UGA College of Engineering researcher uses NSF grant to improve control and coordination of self-driving vehicles
Researchers in the University of Georgia College of Engineering will use a Cyber-Physical Systems (CPS) grant from the National Science Foundation (NSF) to develop systems that help autonomous vehicles safely navigate the nation’s streets and highways.
While the emerging technology of self-driving vehicles is expected to improve both the safety and the efficiency of transportation, the researchers say these goals are not possible if automated vehicles can’t coordinate with other vehicles on the road. The challenge is even greater when a large network of autonomous vehicles share the highway with human-driven cars and trucks.
“One of the biggest questions surrounding the mass deployment of autonomous vehicles is how are these vehicles going to interact with the environment around them and make informed decisions,” said Javad Mohammadpour Velni, an associate professor in UGA’s School of Electrical and Computer Engineering and the project’s principal investigator. “Somehow, the autonomous vehicles will need to understand the potential impact of humans, who might not make the most logical decisions while driving.”
The scientists will develop predictive algorithms that allow connected and automated (CAV) vehicle systems to operate in environments full of uncertainty – including human drivers. Using the $733,000 NSF grant, they will also explore ways to improve communications between autonomous vehicles.
To accomplish their goal, the researchers will employ artificial intelligence and machine learning techniques – the idea that systems can learn from data, identify patterns and make decisions with minimal human interaction. They will analyze massive amounts of data to build probabilistic models of the driving environment and the behavior of other vehicles, then feed those models and data into the vehicles’ control systems.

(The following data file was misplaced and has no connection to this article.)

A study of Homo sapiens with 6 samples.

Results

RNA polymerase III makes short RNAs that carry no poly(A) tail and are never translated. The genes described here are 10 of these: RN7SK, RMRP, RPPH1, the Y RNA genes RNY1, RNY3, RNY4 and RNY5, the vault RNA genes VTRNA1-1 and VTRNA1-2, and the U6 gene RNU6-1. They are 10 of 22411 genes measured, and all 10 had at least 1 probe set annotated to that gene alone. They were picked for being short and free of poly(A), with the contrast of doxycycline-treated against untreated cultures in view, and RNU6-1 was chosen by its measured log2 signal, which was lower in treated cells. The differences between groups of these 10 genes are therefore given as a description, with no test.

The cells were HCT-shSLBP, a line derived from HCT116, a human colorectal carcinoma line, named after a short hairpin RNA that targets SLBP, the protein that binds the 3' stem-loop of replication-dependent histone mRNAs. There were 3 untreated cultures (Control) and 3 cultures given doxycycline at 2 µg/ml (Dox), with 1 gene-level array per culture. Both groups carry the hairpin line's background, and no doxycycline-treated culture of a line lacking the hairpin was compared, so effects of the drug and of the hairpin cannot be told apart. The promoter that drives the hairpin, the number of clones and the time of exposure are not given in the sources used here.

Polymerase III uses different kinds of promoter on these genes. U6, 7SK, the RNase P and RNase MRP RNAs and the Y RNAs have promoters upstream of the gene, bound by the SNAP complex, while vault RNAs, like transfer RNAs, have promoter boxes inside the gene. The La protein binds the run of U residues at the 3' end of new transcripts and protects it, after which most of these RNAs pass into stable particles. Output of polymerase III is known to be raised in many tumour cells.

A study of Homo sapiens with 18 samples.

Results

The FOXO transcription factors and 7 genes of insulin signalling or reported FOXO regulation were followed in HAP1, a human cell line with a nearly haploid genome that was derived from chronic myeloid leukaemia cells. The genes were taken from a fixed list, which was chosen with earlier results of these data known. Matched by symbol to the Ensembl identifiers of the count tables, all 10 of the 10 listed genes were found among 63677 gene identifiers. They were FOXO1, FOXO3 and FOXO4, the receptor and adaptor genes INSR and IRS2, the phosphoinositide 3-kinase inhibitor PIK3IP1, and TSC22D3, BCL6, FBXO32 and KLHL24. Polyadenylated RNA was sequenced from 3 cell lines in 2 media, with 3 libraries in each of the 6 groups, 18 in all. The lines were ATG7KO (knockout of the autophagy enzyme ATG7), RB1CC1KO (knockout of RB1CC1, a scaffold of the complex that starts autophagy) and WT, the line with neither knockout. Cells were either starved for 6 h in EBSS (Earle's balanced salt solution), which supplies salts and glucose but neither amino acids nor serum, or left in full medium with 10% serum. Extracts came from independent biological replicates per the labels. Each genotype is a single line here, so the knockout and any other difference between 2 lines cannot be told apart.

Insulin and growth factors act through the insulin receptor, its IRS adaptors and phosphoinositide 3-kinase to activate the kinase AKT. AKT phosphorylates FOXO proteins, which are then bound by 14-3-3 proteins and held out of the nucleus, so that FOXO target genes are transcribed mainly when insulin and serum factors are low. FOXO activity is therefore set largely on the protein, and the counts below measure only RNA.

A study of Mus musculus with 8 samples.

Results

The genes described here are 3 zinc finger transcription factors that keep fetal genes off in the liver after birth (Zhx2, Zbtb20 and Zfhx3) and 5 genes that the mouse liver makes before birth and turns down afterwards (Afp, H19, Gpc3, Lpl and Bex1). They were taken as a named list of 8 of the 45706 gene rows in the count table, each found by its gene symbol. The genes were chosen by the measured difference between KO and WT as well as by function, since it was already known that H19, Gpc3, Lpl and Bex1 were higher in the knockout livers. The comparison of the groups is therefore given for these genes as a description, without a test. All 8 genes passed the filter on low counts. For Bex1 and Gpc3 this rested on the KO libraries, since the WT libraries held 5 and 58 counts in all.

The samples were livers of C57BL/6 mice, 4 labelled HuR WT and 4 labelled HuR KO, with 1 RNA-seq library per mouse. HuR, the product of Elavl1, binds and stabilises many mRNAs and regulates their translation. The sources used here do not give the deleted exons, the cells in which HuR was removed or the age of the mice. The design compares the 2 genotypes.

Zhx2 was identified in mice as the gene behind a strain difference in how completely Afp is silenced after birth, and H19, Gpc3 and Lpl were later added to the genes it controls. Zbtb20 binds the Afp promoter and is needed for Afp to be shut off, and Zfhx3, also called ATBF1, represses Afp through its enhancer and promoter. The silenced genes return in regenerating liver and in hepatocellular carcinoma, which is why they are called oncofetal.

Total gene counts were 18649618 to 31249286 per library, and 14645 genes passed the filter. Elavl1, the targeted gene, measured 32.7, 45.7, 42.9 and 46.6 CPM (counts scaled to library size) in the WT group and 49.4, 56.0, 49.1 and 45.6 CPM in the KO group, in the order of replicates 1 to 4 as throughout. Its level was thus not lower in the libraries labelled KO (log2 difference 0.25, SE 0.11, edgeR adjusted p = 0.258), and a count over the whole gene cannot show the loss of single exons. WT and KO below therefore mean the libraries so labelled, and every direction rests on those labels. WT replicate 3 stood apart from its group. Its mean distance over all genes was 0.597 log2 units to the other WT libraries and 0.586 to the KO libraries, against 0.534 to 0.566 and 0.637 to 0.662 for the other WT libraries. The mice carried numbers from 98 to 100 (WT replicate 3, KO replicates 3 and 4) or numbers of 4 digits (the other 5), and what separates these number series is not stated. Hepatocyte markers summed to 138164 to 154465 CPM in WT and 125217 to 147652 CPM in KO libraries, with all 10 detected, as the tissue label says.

“Our goal is to capture the uncertainties of the environment and how they impact decisions autonomous vehicles must make,” said Velni. “You have to account for every possible scenario. For example, if you’re driving in a parking lot, what are all the things that could possibly happen? Then, you have to build probabilistic models that work with real-time information gathered by the autonomous vehicle’s cameras and sensors.”
The UGA team is collaborating with researchers at the University of Central Florida on the project. The UCF scientists will build environment perception models and strategies for more efficient communications between autonomous vehicles.
As large fleets of CAVs are deployed, Velni says, the vehicles’ control systems (making up to 100 decisions a second) have the potential to overwhelm the available communications bandwidth. Typically, these communications between vehicles happen at periodic intervals regardless of the situation. To alleviate this challenge, the researchers want to develop controllers that don’t exchange data unless necessary.
“By making the communications and control decisions smarter, the team is aiming for orders of magnitude improvement in safety and efficiency of autonomous vehicle platoons,” said Velni.
Researchers at both universities plan to build small-scale test tracks where they will test their control and coordination systems using autonomous vehicles about the size of a lawn mower. They will also conduct large-scale testing using actual autonomous vehicles.